Remember the Big Bang Theory where Howard has a blind date and doesn’t react well to some spicy food so he clogs the toilet and climbs out the bathroom window of his date’s apartment in embarrassment? Even the smallest room in your house can leave a big impression. A new survey commissioned by Gut Inspired, a group of Canadians living with inflammatory bowel disease (IBD), revealed that 61% of Canadians are not comfortable doing.. their business at a friend’s house.
For the more than 233,000 Canadians living with IBD – Crohn’s disease or Ulcerative Colitis – waiting until you get home isn’t always an option. During a symptom flare, people living with these chronic disease often have to use the washroom up to 20 times per day.
How can we make all guests, including those living with IBD, feel more comfortable? Gut Inspired’s survey indicated that these five things can make the difference between a positive and not-so-positive bathroom experience:
- Have a square to spare: To stack up as a host, make sure you stock up. 34% of Canadians said that running out of toilet paper while using a friend’s bathroom was their biggest loo-related worry.
- Second to well-stocked supplies, an obvious guest hand towel was next on the list of “must-haves”. Don’t force guests to air dry or resort to using your used bath towel.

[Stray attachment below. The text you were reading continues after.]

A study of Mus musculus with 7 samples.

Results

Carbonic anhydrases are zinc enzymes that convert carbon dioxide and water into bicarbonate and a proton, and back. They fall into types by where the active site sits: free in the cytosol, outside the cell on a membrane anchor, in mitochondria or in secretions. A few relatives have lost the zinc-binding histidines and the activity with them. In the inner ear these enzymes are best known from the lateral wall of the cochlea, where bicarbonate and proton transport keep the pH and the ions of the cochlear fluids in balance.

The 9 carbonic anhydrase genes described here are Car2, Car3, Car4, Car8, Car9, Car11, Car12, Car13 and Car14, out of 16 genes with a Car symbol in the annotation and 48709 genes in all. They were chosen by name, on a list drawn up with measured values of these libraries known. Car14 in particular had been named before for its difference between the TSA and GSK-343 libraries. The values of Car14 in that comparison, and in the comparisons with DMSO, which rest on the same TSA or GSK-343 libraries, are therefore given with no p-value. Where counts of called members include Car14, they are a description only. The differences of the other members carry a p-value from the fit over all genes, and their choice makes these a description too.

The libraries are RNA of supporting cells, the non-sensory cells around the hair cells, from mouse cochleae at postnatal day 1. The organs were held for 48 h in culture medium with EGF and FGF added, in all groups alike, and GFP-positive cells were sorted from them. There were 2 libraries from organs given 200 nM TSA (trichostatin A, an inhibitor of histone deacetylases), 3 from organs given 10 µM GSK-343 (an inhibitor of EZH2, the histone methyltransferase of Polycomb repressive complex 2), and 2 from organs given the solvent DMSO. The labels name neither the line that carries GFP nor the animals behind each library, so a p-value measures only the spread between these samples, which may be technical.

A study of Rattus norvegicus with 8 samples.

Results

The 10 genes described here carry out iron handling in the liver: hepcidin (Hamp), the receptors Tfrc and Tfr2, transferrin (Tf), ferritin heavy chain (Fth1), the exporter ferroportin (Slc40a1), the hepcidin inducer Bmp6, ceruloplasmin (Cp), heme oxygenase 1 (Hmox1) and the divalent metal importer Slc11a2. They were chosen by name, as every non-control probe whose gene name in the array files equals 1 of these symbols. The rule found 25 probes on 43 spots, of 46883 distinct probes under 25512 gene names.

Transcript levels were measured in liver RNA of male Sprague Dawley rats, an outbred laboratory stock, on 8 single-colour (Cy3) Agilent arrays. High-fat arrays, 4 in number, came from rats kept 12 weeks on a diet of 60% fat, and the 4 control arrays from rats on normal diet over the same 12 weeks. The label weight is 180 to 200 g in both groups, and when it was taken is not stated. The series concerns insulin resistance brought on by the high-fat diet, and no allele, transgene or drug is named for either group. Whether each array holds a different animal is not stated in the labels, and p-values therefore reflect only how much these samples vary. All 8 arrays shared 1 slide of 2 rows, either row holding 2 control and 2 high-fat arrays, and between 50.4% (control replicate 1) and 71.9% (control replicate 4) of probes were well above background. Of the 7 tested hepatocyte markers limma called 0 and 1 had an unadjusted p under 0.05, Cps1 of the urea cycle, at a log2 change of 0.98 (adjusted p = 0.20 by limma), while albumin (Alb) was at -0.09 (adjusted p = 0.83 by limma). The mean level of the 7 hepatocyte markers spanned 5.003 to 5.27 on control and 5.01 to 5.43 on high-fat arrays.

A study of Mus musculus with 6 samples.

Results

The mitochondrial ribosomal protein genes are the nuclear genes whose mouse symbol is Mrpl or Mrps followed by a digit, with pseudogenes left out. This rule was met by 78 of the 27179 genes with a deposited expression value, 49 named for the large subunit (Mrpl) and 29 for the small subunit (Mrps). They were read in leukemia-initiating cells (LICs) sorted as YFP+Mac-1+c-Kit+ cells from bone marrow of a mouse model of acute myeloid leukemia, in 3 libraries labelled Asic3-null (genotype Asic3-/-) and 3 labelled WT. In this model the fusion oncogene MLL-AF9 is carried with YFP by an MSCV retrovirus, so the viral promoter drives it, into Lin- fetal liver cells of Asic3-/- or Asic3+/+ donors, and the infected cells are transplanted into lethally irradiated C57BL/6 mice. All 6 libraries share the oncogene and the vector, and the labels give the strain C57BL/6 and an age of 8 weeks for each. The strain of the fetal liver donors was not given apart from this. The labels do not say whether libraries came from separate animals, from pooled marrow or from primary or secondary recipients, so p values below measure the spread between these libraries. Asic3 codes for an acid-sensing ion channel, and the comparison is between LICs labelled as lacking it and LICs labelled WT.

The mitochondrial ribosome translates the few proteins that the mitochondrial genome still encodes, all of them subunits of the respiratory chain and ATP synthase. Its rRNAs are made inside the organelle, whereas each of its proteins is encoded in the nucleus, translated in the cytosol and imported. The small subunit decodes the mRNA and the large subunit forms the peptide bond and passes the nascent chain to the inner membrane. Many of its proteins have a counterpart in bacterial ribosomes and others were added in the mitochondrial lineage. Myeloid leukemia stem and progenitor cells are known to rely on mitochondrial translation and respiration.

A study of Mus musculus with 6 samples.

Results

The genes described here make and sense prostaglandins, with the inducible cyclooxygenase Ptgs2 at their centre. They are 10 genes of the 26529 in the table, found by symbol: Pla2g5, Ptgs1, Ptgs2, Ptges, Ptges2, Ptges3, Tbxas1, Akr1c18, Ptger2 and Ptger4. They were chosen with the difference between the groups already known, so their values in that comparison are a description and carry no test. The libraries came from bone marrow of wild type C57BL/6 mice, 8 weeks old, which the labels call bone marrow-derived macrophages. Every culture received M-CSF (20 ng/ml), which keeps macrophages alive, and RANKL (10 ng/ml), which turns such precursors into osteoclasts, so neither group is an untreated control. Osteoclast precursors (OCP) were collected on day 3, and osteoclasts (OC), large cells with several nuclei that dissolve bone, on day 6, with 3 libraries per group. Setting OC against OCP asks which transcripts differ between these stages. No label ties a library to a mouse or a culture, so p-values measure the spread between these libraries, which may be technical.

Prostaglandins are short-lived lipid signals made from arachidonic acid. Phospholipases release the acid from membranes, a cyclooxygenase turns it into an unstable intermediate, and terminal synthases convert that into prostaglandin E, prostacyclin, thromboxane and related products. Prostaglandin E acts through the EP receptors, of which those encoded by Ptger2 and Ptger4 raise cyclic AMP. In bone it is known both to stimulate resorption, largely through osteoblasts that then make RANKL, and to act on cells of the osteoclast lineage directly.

- Keep it clean: The majority of Canadians claimed that poor cleanliness was the worst thing they’ve encountered in a friend’s bathroom. Don’t be that friend; scrub before socializing and keep a garbage can in plain view so guests can help you keep it that way.
- Think beyond the obvious: Leave the clogs to the Dutch. Respondents ranked a plunger above both a fan and a candle.
- Be scent-sitive: When using a friend’s bathroom, the majority of people are most concerned about leaving a funny smell. Light a candle, leave some air freshener out and fix that fan before your next dinner party or book club meeting.
- Lastly, if you have the funds for a bathroom reno, the top two items Canadians would like in their dream bathroom are a hands-free faucet and soap dispenser (33%) and a self-cleaning, high-tech Japanese toilet (30%).Although, with these items in your guest bathroom, your guests might decide to just move in!